Lead Indicators: Using the correct metrics to measure health, safety and wellbeing performance

Given the detrimental effects that poor health and safety performance can have on the finances and reputation of a business, as well as on workers and their families, it is not possible to overstate the importance of effective health and safety management. 

Arguably, the most crucial component of health and safety management is measurement. After all, it is impossible to know whether your health and safety system is truly performing effectively without using the correct metrics. The correct metrics allow businesses to meaningfully track trends, evaluate the efficacy of the system, and implement consequential changes to make improvements over time. 

Lag indicators vs lead indicators 

In order to effectively evaluate the health and safety management that is taking place within a business, we must first understand the two main kinds of measurement which are referred to as lag indicators and lead indicators. 

While these measurements are very different to each other, they each play an important role in the evaluation of health, safety and wellbeing performance. Therefore, they must be used in concert with each other if we are to gain an accurate view of the performance of a health and safety management system.  

Lag indicators measure events that have happened in the past. In a work health and safety context, lag indicators include the number of incidents that have occurred, the amount of time that has been lost, the costs associated with workers’ compensation, how many injuries have occurred, etc.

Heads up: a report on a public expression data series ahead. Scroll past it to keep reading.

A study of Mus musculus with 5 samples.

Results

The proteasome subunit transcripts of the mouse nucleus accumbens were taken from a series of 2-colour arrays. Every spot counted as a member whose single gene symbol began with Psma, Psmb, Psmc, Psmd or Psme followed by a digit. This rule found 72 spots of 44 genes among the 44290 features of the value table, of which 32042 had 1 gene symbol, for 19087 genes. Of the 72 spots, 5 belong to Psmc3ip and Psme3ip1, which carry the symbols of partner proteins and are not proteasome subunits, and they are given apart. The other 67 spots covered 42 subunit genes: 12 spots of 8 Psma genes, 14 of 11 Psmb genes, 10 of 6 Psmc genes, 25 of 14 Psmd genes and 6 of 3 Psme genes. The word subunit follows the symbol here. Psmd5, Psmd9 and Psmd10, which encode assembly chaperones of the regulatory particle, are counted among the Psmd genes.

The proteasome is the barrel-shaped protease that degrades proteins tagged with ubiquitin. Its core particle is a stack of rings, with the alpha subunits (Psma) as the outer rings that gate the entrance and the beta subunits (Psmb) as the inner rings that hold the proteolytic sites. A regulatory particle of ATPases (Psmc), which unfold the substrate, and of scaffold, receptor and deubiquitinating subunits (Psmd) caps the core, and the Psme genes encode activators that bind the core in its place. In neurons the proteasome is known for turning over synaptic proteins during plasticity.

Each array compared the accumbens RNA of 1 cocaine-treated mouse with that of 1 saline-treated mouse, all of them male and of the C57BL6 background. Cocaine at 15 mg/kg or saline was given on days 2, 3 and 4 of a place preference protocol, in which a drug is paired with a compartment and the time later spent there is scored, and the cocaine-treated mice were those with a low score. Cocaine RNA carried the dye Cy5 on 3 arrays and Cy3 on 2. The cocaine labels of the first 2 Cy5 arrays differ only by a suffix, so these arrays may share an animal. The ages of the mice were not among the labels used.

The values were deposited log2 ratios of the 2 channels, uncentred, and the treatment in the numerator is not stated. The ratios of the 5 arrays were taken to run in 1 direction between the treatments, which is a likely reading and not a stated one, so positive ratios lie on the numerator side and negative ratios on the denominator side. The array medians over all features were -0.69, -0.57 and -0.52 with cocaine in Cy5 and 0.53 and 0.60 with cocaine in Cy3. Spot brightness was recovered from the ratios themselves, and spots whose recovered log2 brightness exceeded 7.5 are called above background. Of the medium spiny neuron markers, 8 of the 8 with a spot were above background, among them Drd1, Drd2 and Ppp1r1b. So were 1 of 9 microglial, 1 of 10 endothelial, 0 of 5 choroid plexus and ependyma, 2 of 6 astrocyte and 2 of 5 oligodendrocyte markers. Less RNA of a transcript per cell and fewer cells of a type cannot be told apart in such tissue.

This means that lag indicators can only reveal the reactive performance of a health and safety management system. As such, lag indicators alone cannot measure how well the system is managing risks or preventing incidents from happening. 

Lead indicators, on the other hand, measure actions that are being taken to control and prevent risks, incidents and injuries. This means that these indicators can help us to anticipate future events, rather than focusing purely on the past failures of the health and safety system. Examples of lead indicators include safety training, safety audits, employee surveys and wellbeing programmes. 

Aside from assisting us in anticipating future events, lead indicators have the added benefit of getting businesses to involve their staff members in active and future-oriented conversations about safety. This delivers dual benefits to the business, as it increases staff buy-in to work health and safety initiatives, while also allowing the business to draw on the collective skills of their team to solve potential health and safety issues. 

Are you using the correct metrics? 

It is common for organisations to focus purely on lag indicators to measure the performance of their health and safety systems. However, this narrow focus will likely lead to an incomplete and ineffective evaluation of the system’s performance. 

If you need to know whether you’re measuring the right things in your business, or you’re not sure how to incorporate lead indicators into your system, please get in touch with us now!